The Buzz on Beekeeping: 3 Important Things Beginners Should Know
Posted on August 3, 2018
It's no secret that beekeeping is a growing hobby in America and several other parts of the world. On average, a honey bee will produce one-twelfth of a teaspoon of honey in its lifetime, making it important to understand the most effective ways to keep your bees healthy and harvest as much raw organic honey as possible. Before you get started with your beekeeping adventures, make sure you're aware of these three important facts.
Beekeeping is a local and environmental hobby.
First, you should be aware that beekeeping is inherently an environmental hobby. This means the bee behavior and activity can vary greatly in differing regions around the United States. For example, experts say that warmer southern regions have longer foraging seasons, potentially increasing honey productive and overall hive success. To get acquainted with the local beekeeping climate, it's a great idea to join any beekeeping associations or clubs in your area. If you really want to get an immersive experience, try to get in touch with a beekeeper who would be willing to be your mentor.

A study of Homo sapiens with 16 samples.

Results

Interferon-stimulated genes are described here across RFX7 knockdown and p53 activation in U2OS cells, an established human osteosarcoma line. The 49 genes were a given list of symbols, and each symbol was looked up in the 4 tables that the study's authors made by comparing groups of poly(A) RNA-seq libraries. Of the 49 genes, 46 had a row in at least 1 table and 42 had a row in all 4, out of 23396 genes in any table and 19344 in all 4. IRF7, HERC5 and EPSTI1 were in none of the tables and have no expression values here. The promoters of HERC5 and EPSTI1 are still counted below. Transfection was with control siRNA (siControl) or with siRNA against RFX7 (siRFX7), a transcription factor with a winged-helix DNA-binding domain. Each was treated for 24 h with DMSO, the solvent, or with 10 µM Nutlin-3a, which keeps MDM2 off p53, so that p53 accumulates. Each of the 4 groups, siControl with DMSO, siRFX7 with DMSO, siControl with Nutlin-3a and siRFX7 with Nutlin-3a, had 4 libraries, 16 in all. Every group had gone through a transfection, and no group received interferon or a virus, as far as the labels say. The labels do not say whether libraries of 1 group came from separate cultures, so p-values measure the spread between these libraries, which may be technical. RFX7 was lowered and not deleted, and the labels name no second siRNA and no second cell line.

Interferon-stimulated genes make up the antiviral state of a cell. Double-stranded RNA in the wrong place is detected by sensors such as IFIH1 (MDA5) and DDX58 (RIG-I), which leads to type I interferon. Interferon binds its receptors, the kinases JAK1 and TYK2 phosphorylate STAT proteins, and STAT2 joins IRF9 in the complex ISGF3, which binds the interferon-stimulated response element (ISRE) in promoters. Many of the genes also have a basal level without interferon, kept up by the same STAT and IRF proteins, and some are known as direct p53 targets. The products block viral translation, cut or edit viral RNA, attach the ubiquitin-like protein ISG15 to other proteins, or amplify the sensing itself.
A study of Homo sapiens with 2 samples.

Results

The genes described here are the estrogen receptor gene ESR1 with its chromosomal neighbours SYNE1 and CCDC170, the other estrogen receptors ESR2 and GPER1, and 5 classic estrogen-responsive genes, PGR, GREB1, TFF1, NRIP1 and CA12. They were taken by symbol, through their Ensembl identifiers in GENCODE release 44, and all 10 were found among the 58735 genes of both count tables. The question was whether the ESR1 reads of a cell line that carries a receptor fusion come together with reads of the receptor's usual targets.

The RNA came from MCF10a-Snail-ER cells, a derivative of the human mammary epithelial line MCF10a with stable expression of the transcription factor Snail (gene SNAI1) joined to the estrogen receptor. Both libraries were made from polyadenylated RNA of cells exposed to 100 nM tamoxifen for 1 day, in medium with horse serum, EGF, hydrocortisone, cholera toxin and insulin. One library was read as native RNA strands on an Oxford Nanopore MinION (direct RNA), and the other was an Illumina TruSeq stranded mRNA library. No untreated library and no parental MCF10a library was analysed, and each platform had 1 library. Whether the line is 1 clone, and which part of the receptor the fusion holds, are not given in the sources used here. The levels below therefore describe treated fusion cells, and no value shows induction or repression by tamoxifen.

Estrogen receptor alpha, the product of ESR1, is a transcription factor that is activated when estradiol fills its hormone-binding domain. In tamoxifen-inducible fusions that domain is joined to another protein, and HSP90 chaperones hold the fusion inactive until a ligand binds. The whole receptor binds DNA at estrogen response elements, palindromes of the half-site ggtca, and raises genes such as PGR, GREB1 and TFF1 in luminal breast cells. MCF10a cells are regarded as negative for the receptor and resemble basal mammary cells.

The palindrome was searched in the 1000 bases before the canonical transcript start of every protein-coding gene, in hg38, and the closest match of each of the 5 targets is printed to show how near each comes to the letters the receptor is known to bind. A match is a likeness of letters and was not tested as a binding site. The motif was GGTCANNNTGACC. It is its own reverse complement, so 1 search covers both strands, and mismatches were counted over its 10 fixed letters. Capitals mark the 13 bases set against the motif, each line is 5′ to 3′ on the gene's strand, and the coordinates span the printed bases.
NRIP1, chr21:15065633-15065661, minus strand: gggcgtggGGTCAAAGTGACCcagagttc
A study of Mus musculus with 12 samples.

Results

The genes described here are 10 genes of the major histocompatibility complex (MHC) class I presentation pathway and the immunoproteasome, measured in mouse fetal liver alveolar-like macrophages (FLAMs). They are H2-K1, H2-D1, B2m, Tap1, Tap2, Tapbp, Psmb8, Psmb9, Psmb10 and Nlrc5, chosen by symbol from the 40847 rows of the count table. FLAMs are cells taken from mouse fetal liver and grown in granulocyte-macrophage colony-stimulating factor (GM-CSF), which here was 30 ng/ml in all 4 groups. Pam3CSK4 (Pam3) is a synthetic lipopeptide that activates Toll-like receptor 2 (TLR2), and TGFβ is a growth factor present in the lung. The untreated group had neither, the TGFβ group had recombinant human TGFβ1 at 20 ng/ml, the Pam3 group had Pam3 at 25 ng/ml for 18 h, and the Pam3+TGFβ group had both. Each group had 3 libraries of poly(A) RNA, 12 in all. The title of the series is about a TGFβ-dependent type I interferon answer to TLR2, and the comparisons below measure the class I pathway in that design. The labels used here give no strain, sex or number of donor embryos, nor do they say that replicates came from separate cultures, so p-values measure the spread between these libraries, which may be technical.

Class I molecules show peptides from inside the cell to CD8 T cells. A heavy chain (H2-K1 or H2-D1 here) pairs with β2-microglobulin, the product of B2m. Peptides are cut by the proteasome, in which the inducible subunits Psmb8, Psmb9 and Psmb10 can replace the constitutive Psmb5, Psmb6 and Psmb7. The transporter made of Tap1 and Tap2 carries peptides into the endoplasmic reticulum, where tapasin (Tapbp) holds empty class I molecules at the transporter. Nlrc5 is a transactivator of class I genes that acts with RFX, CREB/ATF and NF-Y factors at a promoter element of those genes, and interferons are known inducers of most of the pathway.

The European honeybee is the most commonly kept species.
We all know that bees are pollinators, and are responsible for cross-pollination, which helps at least 30% of crops and 90% of wild plants thrive. However, not many people realize the number of species of bees that exist in the world. While the European honeybee, technically referred to as apis mellifera, is the most commonly kept species in the world, it's also the only species that's kept in America. But overall, there are more than 20,000 known species of bees around the globe, around 4,400 of which can be found in North America. That's a lot of buzzing!
Beekeeping equipment is essential.
Finally, it's important for all beekeeping beginners to suit up and protect themselves as they grow more experienced with their specific hive activity and the hobby overall. Consider investing in a beekeeper hat, beekeeping gloves, and other beekeeping basics to keep you -- and the bees -- as protected as possible.
In 2014, there were an estimated 2.7 million honeybee colonies in the United States, a number that is tracked by the USDA. It's important to do all you can to stay educated about local and national beekeeping necessities. For more information about beekeeper hats, contact GloryBee.